Adaptec is adding a NAND flash cache to its RAID controllers to speed up disk array read I/O. The company's MaxIQ product uses an Intel X25-E single level cell flash module which, Adaptec says, offers 1.2GB/sec throughout and 20,000 I/Os per second (IOPS) with a 3Gbit/s SAS interface and a PCIe 1.1 connection. It can be used on …
I see a possible downside to using an SSD as a read cache in the way described. It would seem that every uncached read from disk will get written to the SSD if the description is correct. Of course if the data is re-accessed later, then that's all fine and dandy. However, if there is an I/O pattern that frsutrates this - sequential reads, such as backups, being one example, then it will churn a lot of data through the cache without any effect. With a volitale RAM cache that only has the effect of wiping out data that might be usefully cached, but with an SSD cache that's a lot of write activity and flash has a limited number of write cycles.
There are ways of dealing with this sort of cache issue - one of the things that can be done is to detect large sequential reads and not cache them. Certainly this thing will depend heavily on the cache algorithms being used. Running a disk backup and re-writing the limited size SSD several times over would not be a great thing to do for either SSD longevity.
Oh yes - and if a disk controllet can do this sort of caching, then it can be done in a drive. Add a few gig of SSD flash and some clever cache algorithms into a standard drive and we might well have something of use to the average PC user. Whatever is done, this needs to be kept off of the motherboards and kept in the strorage devices.
@ Steven Jones
I don't disagree that there are issues with an SSD's limited write cycles.
But its a moot point.
The SSD is used for caching and if there becomes a problem, you can replace the SSD. (Assuming that these are not chips physically on the controller board but a plug in sub board or something similar.)
The other key point is that this is a lower cost alternative to other solutions. You have to admire that it works and is affordable.
While I am not an adaptec fanboi, I do admire their products and have used them for 15+ years in various machines.
"Oh yes - and if a disk controllet can do this sort of caching, then it can be done in a drive. Add a few gig of SSD flash and some clever cache algorithms into a standard drive and we might well have something of use to the average PC user"
http://en.wikipedia.org/wiki/Hybrid_drive - not many turned up though as the advantage wasn't huge, but the costs were.
Failing that, it's already in use to an extent in Vista/7:
Caching algorithms have improved over the years you know, and can actually recognise when large backups are in progress. CPU designers have honed caching algorithms for several decades now. The SSDs won't fail over night, they'll just gradually reduce in capacity. Data won't be lost, performance will just gradually drop. Building it into the drives will exhibit the same effect.
"The company's MaxIQ product uses an Intel X25-E single level cell flash module which, Adaptec says, offers 1.2GB/sec throughout and 20,000 I/Os per second (IOPS) with a 3Gbit/s SAS interface and a PCIe 1.1 connection... MaxIQ does a seemingly paltry 20,000 IOPS but costs $0.31/GB and $0.14 per I/O... The flash modules... will cost around $1295.00."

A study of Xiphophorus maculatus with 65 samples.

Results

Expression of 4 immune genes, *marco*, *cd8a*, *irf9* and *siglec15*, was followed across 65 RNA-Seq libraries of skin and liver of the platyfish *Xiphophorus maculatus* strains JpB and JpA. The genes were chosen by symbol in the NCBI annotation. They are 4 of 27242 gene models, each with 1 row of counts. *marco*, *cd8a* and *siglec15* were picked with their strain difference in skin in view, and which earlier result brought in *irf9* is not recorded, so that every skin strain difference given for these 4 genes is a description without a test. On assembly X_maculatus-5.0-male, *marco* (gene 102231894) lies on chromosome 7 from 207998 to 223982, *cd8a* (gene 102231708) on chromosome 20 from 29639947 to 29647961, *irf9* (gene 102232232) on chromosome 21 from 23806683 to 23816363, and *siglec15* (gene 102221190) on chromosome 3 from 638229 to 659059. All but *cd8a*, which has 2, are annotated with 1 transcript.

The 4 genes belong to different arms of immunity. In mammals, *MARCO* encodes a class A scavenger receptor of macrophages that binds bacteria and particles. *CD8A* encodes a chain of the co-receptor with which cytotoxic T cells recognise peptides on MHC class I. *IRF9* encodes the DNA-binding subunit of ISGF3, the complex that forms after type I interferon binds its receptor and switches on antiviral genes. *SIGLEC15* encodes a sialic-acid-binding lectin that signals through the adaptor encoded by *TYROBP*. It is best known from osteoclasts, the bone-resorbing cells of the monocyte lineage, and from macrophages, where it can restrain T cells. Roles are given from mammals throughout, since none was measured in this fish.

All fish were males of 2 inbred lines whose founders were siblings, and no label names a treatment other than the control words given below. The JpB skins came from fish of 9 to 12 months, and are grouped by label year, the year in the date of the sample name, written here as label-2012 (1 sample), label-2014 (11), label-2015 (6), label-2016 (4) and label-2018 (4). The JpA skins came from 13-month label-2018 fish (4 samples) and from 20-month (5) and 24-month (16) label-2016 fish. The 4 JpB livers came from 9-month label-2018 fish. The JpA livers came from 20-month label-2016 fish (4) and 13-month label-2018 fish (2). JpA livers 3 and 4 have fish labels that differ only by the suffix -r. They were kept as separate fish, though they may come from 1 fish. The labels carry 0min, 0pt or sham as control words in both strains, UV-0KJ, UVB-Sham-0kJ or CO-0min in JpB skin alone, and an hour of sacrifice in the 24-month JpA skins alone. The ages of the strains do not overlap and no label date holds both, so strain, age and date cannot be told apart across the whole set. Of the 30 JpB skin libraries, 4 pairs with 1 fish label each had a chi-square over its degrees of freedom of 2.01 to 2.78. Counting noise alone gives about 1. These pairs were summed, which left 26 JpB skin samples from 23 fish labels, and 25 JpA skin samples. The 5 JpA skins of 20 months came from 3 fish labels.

Something doesn't seem right. First, those advertised specs for the X25-E are far higher than anything I've seen. Intel says the X25-E has sequential read bandwidth of 250MB/sec; that's a far cry from 1.2GB/sec.
Then there's the price. Adaptec says the MaxIQ offers a cost/GB of $0.31. If that was accurate, then either the MaxIQ's true price is $9.92 (not $1295.00) or it has a capacity of 4,177GB (not 32GB). Considering the selling price of an X25-E SSD ranges from $400 to $900, I'll go out on a limb and say the advertised cost/GB is nowhere close to accurate.
@Ian Michael Gumby & Annihilator
Well thanks for that, but you hardly added anything to what I said and I was aware of those issues. Oracle for one can spot full table scans and avoid populating the cache with unwanted data, but that wasn't foolproof (and it's changed again in Oracle). No caching algorithm is perfect - they can only forecast the future from past behaviour.
I was also fully aware of hybrid hard drives and that they've not provided the expected benefit. However, that is surely just because of the state of technology. I'm no fan of requiring motherboard and operating system support for such things - they really ought to be transparent, much as the cache in the controller will be. Whilst the former might produce some improvements through optimising for the peculiarities of particular environments, it's usually a technological dead end as it gets locked into your particular server hardware. Much better to be able to swap out with a fast I/O device.
The particular issue here was over the special characteristics of limited write cycles on SSD. Now I've never much worried about it on "true" write activity, as most I/O on most systems is read (there are exceptions to that where state information is updated and where reads are readily serverd from cache in a DB). However, if this device really does turn a whole bunch of what would have been reads into writes to the SSD then it could wear out faster. I would always assume that the things would be fail safe, it's really the cost implications.